New legislation allows for challenges to Ohio EPA TMDLs
The Ohio legislature has recently clarified uncertainty surrounding how the Ohio Environmental Protection Agency (Ohio EPA) will establish and maintain total maximum daily loads (TMDLs) for Ohio watersheds. On March 24, 2015, the Ohio Supreme Court issued its decision in Fairfield Cty. Bd. of Commrs. v. Nally, 143 Ohio St.3d 93, 2015-Ohio-991, holding that Ohio EPA must follow the rulemaking procedures set forth in Ohio Revised Code Chapter 119 before submitting a TMDL to the U.S. EPA for approval. This ruling sent waves throughout Ohio’s water and wastewater community. Because none of the TMDLs previously set by Ohio EPA had been adopted as rules under ORC Chapter 119, the Ohio Supreme Court’s ruling arguably invalidated all of the TMDLs for Ohio’s watersheds established prior to the Fairfield decision. In addition, Ohio EPA was prevented from setting new TMDLs until a process had been established that met the requirements of ORC Chapter 119.
In response to the Fairfield decision, the Ohio legislature drafted House Bill 49 of the 132nd General Assembly, which became law when signed by Governor Kasich on June 30, 2017. The changes contained in H.B. 49 are codified in the new ORC Sections 6111.561–6111.564, which govern Ohio’s treatment of previously-set TMDLs as well as Ohio EPA’s establishment of new TMDLs moving forward. Most importantly, the new legislation sets forth avenues for “potentially affected dischargers” to challenge TMDLs, both those previously set and those to be established in the future.
Regarding preexisting TMDLs, H.B. 49 reinstates all TMDLs established by Ohio EPA and approved by the U.S. EPA prior to March 24, 2015. However, affected dischargers now have an avenue to challenge a previously-established TMDL. Holders of a National Pollutant Discharge Elimination System (NPDES) permit containing effluent limits, pretreatment limits, or other terms and conditions based on an existing TMDL can challenge the TMDL to the Environmental Review Appeals Commission (ERAC), but such a challenge can only be made during the appeal of the NPDES permit. This requires holders of an NPDES permit to wait until the permit is up for renewal before they can challenge an associated TMDL. In addition, when a publicly owned treatment works appeals a TMDL-based NPDES permit, ERAC is statutorily required to join as parties to the appeal all significant industrial users listed in the NPDES permit holder’s annual pretreatment program reports that are known to discharge a significant amount of a pollutant limited by the TMDL into the publicly owned treatment works. This process thereby ensures that all relevant parties can be involved in the TMDL appeal process, if they so choose.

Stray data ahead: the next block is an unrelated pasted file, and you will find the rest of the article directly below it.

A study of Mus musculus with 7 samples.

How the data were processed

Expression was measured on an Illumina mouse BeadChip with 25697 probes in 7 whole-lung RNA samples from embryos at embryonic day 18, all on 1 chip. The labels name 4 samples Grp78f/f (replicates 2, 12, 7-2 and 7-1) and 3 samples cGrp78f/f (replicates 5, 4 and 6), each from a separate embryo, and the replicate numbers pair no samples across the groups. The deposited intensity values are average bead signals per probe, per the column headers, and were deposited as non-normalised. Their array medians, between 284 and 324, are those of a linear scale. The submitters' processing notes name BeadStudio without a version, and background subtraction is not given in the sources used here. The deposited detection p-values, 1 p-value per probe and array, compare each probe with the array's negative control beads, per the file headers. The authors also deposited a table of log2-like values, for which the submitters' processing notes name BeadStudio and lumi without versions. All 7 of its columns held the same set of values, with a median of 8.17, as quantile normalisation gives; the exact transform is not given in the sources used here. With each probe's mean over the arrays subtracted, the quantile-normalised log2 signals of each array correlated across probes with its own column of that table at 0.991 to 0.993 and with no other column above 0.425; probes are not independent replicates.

For the establishment of TMDLs moving forward, Ohio EPA is required to release documents for public review and comment during the TMDL development process. These documents include: (1) the project assessment study plan; (2) the biological and water quality study report; (3) the TMDL loading analysis plan; and (4) the preliminary TMDL modeling results. Ohio EPA must allow at least 30 days for input and public comment on each of these documents. In addition, before releasing a final TMDL, Ohio EPA must prepare and provide public notice of an official draft TMDL, with an accompanying time period for comment of at least 60 days. If the director of Ohio EPA determines that there is “significant public interest” in the TMDL, he is required to provide an opportunity for a public hearing.
Ohio EPA is currently working on establishing procedures for providing notice of the required documents to stakeholders and for determining if significant public interest in a TMDL exists and has been charged with establishing criteria for both by December 31, 2018. So far, Ohio EPA appears to be providing public notice of TMDL documents through bulletins posted on its website and accepting comments via email, to email@example.com, or in writing to Ohio EPA, Division of Surface Water, P.O. Box 1049, Columbus, Ohio 43216-1049. Stakeholders can request to be provided with notice via an electronic mailing list, which can be subscribed to here.
Questions about the new TMDL process should be directed to Melinda Harris, firstname.lastname@example.org or(614) 728-1357. Interested stakeholders should keep an eye out for Ohio EPA’s procedures for providing notice of TMDL processes, which will likely be established later this year.